Corbelli, Eleonora, MD*; Carnevali, Adriano, MD*,†; Marchese, Alessandro, MD*; Cicinelli, Maria Vittoria, MD*; Querques, Lea, MD*; Sacconi, Riccardo, MD*,‡; Bandello, Francesco, MD, FEBO*; Querques, Giuseppe, MD, PhD*

doi: 10.1097/IAE.0000000000001859
Original Study: PDF Only

Purpose: To analyze the optical coherence tomography angiography features of eyes affected with angioid streaks (AS) and to evaluate their ability to predict choroidal neovascularization (CNV) activity.

Methods: Angioid streaks were individuated from a pool of consecutive patients. Eyes with and without CNV were evaluated by multimodal imaging.

Results: Thirty-eight eyes of 19 consecutive patients diagnosed with AS were included. Thirty of 38 eyes with CNV and 8 of 38 eyes without CNV were included. In the majority of cases, CNV showed on optical coherence tomography angiography tangled appearance always associated with signs of neovascular inactivity on multimodal imaging (100%–0%, inactive-active, respectively). Choroidal neovascularization cases showing interlacing appearance were often associated with signs of neovascular activity on multimodal imaging (71.4%–28.6%, active-inactive, respectively). Optical coherence tomography angiography revealed a total of 27 AS, of which 20 appeared as a choriocapillary rarefaction, and in 7 AS, optical coherence tomography angiography choriocapillary segmentation revealed an irregular vascular network, possibly representing fibrovascular tissue over the crack-like breaks in Bruch membrane.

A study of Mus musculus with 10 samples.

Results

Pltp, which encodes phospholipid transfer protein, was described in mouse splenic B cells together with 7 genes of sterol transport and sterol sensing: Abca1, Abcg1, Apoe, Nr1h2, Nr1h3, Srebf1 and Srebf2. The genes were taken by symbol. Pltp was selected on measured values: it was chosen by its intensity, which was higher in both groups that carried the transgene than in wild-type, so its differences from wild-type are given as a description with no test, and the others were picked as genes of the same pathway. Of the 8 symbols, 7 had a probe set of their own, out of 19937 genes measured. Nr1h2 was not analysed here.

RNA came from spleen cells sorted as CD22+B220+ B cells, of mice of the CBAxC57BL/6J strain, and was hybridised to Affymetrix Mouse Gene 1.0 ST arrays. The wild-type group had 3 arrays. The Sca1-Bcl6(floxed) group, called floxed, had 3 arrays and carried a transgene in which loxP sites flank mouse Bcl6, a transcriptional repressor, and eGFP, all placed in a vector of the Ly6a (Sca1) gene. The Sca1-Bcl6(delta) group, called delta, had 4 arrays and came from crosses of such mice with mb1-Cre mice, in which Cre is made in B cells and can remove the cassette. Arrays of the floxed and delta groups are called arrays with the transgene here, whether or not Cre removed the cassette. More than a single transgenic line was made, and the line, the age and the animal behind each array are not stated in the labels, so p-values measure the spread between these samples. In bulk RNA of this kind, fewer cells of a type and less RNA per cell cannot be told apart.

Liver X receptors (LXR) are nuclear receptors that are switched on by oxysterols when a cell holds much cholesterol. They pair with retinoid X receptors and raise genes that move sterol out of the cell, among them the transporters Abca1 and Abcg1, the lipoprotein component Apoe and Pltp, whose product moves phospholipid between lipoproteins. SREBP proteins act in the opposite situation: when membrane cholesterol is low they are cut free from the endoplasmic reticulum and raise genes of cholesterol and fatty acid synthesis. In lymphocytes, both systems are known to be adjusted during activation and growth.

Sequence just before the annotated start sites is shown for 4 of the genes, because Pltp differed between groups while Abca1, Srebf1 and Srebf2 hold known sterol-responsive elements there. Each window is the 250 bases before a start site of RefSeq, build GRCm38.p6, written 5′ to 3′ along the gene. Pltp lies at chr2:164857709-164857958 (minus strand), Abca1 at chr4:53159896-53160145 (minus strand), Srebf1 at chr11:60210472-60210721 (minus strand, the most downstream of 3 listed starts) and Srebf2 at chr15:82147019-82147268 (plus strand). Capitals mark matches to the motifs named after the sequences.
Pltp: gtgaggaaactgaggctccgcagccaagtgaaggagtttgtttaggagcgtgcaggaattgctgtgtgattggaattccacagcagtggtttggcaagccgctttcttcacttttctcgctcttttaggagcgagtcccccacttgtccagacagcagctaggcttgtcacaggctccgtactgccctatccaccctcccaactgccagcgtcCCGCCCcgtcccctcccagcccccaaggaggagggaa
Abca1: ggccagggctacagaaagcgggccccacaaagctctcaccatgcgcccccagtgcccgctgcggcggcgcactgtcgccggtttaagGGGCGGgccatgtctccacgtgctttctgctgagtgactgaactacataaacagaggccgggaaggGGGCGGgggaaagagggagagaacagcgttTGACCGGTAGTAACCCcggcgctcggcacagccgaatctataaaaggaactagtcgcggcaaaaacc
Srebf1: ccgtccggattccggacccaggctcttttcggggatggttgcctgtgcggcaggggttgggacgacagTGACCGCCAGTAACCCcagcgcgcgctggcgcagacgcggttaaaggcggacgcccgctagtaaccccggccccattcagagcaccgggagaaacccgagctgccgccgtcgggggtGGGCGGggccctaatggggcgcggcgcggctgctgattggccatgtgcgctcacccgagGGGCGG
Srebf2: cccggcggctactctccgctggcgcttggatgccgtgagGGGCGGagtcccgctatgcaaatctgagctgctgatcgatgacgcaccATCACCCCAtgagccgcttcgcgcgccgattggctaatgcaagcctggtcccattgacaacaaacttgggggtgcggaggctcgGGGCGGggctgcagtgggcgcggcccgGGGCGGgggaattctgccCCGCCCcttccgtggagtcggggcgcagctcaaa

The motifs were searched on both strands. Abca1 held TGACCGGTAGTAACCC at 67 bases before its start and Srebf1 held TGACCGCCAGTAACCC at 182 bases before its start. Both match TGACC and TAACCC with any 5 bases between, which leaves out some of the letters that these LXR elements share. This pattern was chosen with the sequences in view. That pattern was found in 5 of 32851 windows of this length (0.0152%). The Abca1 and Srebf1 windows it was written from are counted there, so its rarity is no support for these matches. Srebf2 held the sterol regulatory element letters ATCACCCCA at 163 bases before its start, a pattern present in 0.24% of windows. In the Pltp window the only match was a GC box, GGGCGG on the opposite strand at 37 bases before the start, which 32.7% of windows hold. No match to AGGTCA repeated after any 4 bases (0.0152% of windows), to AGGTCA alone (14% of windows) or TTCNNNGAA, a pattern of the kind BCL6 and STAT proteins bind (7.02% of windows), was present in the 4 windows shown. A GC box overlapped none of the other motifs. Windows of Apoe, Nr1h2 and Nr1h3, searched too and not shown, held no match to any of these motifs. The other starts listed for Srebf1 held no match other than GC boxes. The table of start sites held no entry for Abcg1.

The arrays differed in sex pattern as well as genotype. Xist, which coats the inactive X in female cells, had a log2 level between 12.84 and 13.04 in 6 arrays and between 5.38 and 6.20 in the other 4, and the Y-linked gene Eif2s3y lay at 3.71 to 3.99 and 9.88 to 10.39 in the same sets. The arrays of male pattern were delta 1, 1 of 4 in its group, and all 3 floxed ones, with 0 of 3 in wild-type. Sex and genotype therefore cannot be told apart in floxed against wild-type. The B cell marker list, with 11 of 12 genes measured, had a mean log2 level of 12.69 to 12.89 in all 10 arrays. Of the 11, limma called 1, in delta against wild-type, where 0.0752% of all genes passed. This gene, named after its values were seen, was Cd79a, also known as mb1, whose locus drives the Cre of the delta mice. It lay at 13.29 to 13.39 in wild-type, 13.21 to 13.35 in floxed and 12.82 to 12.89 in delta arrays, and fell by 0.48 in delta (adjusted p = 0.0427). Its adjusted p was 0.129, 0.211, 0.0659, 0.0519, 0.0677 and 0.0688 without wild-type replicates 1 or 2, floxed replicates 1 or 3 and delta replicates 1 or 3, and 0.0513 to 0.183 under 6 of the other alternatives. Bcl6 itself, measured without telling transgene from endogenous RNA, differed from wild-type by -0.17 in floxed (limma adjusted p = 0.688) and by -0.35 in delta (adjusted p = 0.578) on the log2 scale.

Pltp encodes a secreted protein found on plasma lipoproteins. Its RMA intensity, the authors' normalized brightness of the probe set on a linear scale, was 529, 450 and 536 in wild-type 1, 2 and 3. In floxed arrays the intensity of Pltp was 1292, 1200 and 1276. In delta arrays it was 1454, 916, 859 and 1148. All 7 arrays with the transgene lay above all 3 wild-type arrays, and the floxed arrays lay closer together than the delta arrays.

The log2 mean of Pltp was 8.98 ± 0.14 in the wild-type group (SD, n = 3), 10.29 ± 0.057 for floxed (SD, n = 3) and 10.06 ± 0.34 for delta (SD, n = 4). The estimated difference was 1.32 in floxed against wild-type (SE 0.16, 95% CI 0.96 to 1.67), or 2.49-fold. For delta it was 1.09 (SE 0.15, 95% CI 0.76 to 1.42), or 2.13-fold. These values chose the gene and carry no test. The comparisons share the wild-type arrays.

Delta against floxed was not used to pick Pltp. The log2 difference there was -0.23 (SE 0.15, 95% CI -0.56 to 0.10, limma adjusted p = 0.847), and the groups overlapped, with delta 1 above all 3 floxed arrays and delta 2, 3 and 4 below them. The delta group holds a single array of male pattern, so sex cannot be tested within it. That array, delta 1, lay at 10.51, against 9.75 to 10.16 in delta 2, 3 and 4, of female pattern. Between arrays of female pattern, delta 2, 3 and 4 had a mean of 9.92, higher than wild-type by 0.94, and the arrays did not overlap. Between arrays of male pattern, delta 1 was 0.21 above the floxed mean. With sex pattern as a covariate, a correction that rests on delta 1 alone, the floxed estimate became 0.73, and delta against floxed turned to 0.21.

Conclusion: Optical coherence tomography angiography is a noninvasive tool to detect the presence of CNV secondary to AS and to evaluate CNV activity. Optical coherence tomography angiography is able to add a novel element to the multimodal imaging characterization of AS.

The aim of this study was to analyze retrospectively optical coherence tomography angiography features of eyes affected by angioid streaks with and without choroidal neovascularization and to propose a new classification criterion.

*Department of Ophthalmology, University Vita-Salute, IRCCS Ospedale San Raffaele, Milan, Italy;

Department of Ophthalmology, University of “Magna Graecia,” Catanzaro, Italy; and

Department of Ophthalmology, University of Verona, Verona, Italy.

Reprint requests: Giuseppe Querques, MD, PhD, Department of Ophthalmology, University Vita-Salute, IRCCS Ospedale San Raffaele, Via Olgettina 60, 20132 Milan, Italy; e-mail: giuseppe.querques@hotmail.it

None of the authors has any financial/conflicting interests to disclose.

© 2018 by Ophthalmic Communications Society, Inc.